The election of Ilhan Omar, the first Somali-American lawmaker, has been hailed as historic and great achievement for Somali and immigrant community in the United States.
Minnesota voters elected her in a state where the uneasy assimilation of large numbers of Somali refugees became an issue in the US presidential campaign especially by the president-elect Donald Trump.
Ilhan Omar, a 33-year-old former refugee who wears the hijab, ran uncontested for a seat in the legislature of the Midwestern state, home to a sizeable Somali population.
And as he congratulated Ms Omar on her election victory, Dahabshiil's chief executive officer Abdirashid Duale, said African diaspora communities across the globe are proud of her election, as it will encourage young people who aspire to work and do business anywhere in the world.
"We are proud of her election. It is also a huge show of confidence especially for immigrants who continue to impact positively on society. It is also presents a positive image of the United States, especially Minnesota, as her election confirms that, with hard work and determination, a female immigrant can become legislator," he said.
"At Dahabshiil, we know the impact we have had on diaspora communities from many parts of Africa in terms of linking them with their relatives back home. Because of the remittances from relatives and friends, many have been able to move to Europe and America and are now engaged in gainful jobs and are in turn also sending money to help their loved ones back home," Mr Duale said.
Elsewhere, Michael Keating, the Special Representative for Somalia and head of the United Nations Assistance Mission in Somalia (UNSOM) tweeted: "Terrific that Ilhan Omar elected a state representative for Minnesota."
Ms Omar who faced only nominal Republican opposition in a heavily DFL Minneapolis district, continues an unlikely political journey that began amid the Somali civil war and a Kenyan refugee camp.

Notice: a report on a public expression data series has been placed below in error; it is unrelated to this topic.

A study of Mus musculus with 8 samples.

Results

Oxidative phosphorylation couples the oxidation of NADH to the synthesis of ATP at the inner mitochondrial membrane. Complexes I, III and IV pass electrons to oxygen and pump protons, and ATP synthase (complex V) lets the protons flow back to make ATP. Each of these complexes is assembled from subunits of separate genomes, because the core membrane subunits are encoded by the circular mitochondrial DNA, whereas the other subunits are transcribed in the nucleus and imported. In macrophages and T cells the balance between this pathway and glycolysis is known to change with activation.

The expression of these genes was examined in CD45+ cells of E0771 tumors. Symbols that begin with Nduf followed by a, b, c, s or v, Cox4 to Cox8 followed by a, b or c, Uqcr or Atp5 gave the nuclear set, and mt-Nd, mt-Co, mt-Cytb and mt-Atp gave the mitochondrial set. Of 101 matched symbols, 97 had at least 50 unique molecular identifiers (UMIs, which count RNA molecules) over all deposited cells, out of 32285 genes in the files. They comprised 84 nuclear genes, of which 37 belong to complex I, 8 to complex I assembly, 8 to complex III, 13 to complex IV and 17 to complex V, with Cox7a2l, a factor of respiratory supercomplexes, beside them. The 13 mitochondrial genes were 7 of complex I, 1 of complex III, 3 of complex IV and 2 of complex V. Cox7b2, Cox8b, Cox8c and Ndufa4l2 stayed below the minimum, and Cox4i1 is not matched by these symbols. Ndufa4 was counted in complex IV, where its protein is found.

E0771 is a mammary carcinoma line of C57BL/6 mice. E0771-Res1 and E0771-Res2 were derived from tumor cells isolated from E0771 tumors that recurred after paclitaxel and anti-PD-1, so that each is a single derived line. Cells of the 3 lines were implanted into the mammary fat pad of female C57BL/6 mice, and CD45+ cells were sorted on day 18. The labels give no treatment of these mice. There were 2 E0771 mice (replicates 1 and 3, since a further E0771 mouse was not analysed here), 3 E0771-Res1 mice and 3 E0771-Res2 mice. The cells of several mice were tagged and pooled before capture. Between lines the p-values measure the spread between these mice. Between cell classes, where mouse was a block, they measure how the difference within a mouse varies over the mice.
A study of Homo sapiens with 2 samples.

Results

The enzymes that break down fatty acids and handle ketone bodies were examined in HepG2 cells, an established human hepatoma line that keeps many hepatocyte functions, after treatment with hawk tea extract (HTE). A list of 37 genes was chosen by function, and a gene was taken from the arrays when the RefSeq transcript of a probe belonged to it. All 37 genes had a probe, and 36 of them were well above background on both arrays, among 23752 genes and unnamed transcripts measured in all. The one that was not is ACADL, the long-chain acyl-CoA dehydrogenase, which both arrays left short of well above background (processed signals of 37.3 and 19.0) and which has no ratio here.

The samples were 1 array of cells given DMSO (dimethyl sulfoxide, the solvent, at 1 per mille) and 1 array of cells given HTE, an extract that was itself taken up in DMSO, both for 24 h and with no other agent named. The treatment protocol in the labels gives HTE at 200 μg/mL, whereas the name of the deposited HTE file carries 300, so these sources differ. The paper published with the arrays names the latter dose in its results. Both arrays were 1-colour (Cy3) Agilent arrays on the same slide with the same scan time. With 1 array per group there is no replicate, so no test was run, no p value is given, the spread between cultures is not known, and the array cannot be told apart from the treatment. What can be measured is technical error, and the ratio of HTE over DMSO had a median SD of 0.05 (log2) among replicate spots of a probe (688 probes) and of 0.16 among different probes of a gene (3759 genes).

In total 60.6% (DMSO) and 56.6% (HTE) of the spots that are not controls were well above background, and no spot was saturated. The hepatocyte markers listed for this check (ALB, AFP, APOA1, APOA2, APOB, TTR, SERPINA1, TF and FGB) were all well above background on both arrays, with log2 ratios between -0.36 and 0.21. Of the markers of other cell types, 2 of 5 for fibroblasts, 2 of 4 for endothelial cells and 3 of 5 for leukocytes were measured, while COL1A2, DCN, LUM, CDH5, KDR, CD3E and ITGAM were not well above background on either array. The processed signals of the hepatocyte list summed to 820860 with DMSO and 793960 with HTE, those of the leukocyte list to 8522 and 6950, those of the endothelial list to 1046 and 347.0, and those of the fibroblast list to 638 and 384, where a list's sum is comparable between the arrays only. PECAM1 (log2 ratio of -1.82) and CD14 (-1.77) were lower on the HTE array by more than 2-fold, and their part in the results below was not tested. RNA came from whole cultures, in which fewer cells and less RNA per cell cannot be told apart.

Omar, who is also director of policy at Women Organizing Women Network – a group dedicated to pushing East African women into civic leadership – is credited with being a talented organiser and leader of a multiracial coalition that includes Minneapolis progressives.
That, in turn, helped her defeat Phyllis Kahn — the House's longest serving member — in a three-way DFL primary that included another formidable Somali-American opponent.
Her story is the latest in a long line of oppressed people coming to the United States, grabbing hold of the country's democratic levers and demanding equality and opportunity — mirroring the journey of Irish, Jewish and other immigrant groups.
She went to the United States as a pre-teen, knowing only a few words of English, living with her family in Minneapolis' Cedar-Riverside area. They escaped the Somali civil war when she was eight and spent four years in Kenya.
"Even though his message is supposed to function as a fear element in making sure that we don't vote, so we don't see ourselves as part of the American system, it's had the opposite effect," she told AFP about Mr Trump.
In his final days of campaign, the real estate magnate had blamed the Somali community for Minnesota's travails.
"Here in Minnesota, you've seen first-hand the problems caused with faulty refugee vetting, with very large numbers of Somali refugees coming into your state without your knowledge, without your support or approval," Mr Trump told a rally near Minneapolis-St. Paul International Airport.
"Some of them (are) joining ISIS (Islamic State of Iraq and the Levant) and spreading their extremist views all over our country and all over the world," he added.